I came across Terence Tao's article on differential forms. I like his way of explaining the analogues and intuitions behind the definitions and theorems. This kind of writing is what I'm looking for.

Please advice me some reference. Thanks in advance.

Did you really find Rudin unpleasant? – Rankeya Mar 31 '12 at 6:40
Also, take a look at the notes in this website: – Rankeya Mar 31 '12 at 6:42
Rudin was extremely helpful when I took my first course in analysis. But I found the chapters on multivariable calculus notationally intimidating. Probably notations for multivariable calculus are inevitably horrible. That's why I'm asking for a more readable book. If none exists, I must persevere. – math Mar 31 '12 at 6:47
By searching in tags reference-request+multivariable-calculus I found these two similar questions: References for the multivariate calculus and Need Help: Any good textbook in undergrad multi-variable analysis/calculus?. Maybe you can find something useful there. – Martin Sleziak Mar 31 '12 at 6:55

I would highly recommend using the text Eliashberg uses to teach Math 52H at Stanford University. He has a rigorous development of differential forms from linear algebra and uses these to derive change of variables, integration on manifolds, etc. It is not completely necessary to understand all of the theorems to use them, so I think you might enjoy this: Multilinear Algebra, Differential Forms, Stokes Theorem

yes, it is not well known since it is still in progress for a class specific to a university, but I think that the notes are very clear and make full use of linear algebra to explain multivariable calculus. – Han Altae-Tran Apr 2 '12 at 17:08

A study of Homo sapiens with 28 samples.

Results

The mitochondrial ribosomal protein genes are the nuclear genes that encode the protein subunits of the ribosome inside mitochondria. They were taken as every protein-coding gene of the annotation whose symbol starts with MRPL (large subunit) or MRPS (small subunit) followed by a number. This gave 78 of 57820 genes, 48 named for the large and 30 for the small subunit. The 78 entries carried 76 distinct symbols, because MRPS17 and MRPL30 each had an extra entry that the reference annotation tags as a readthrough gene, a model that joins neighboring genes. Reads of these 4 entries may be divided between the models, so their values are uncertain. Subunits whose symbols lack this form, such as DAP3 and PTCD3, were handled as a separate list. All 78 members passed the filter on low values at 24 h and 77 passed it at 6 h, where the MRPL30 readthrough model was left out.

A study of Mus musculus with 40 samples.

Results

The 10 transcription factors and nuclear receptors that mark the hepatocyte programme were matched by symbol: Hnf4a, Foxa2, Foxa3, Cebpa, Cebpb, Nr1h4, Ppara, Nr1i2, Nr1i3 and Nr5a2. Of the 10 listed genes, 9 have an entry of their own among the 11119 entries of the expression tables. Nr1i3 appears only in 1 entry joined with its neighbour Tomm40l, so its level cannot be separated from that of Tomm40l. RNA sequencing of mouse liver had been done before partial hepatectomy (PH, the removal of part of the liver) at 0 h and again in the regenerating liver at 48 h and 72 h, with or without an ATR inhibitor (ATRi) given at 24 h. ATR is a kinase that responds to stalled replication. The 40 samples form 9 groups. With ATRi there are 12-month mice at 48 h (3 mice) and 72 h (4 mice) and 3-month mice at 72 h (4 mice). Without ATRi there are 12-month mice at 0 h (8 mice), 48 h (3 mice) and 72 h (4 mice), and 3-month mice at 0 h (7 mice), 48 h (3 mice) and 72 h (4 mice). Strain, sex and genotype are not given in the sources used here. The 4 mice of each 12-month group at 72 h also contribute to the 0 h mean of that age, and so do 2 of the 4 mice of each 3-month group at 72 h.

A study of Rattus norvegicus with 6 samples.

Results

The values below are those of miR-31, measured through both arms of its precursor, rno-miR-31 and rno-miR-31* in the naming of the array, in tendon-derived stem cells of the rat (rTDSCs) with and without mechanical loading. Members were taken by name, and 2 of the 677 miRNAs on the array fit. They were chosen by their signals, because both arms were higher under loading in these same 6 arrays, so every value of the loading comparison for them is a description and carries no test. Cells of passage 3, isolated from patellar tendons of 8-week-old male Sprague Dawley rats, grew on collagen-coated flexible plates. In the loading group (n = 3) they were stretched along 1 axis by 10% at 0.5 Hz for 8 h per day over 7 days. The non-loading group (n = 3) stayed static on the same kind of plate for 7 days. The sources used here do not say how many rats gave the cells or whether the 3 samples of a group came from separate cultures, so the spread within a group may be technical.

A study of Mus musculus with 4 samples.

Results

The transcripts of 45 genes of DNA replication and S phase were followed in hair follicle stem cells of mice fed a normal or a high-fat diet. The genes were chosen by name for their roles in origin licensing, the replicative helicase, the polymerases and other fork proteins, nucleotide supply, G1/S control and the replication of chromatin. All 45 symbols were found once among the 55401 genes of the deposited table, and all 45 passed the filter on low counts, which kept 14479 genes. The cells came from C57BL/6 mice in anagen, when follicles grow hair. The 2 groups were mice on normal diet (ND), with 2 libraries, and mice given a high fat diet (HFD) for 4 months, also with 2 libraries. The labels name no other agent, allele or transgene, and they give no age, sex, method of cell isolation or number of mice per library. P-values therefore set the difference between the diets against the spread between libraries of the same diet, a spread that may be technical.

Can someone post it? It seems to have gone offline. – Sandeep Thilakan Sep 30 '14 at 8:37
@HanAltae-Tran: could you post a mirror for those notes? The link is broken. – user125763 Nov 30 '14 at 23:44

If you like the way Terence Tao writes, then I would recommend Tao's Analysis I and II.

How much are you looking for? – Holdsworth88 Mar 31 '12 at 12:53
I don't really know the scope of a standard multivariable calculus course. But, at the very least, I know there are topics like multiple integrals and differential forms, which are not present in the book. – math Mar 31 '12 at 13:10

I learned multivariable calculus during my undergraduate studies using Marsden & Tromba, "Vector Calculus". I found it a bit "not too much rigorous" but clear and with lot's of examples taken from physics which are rather intuitive in the sense of Terence Tao's link you put above.



I really like Analysis on Manifolds by Munkres. A cheap Dover book is Advanced Calculus of Several Variables by C.H. Edwards. It is also pretty good from what little I've read of it. However it only has one section on differential forms, whereas Munkres devotes a whole chapter to them.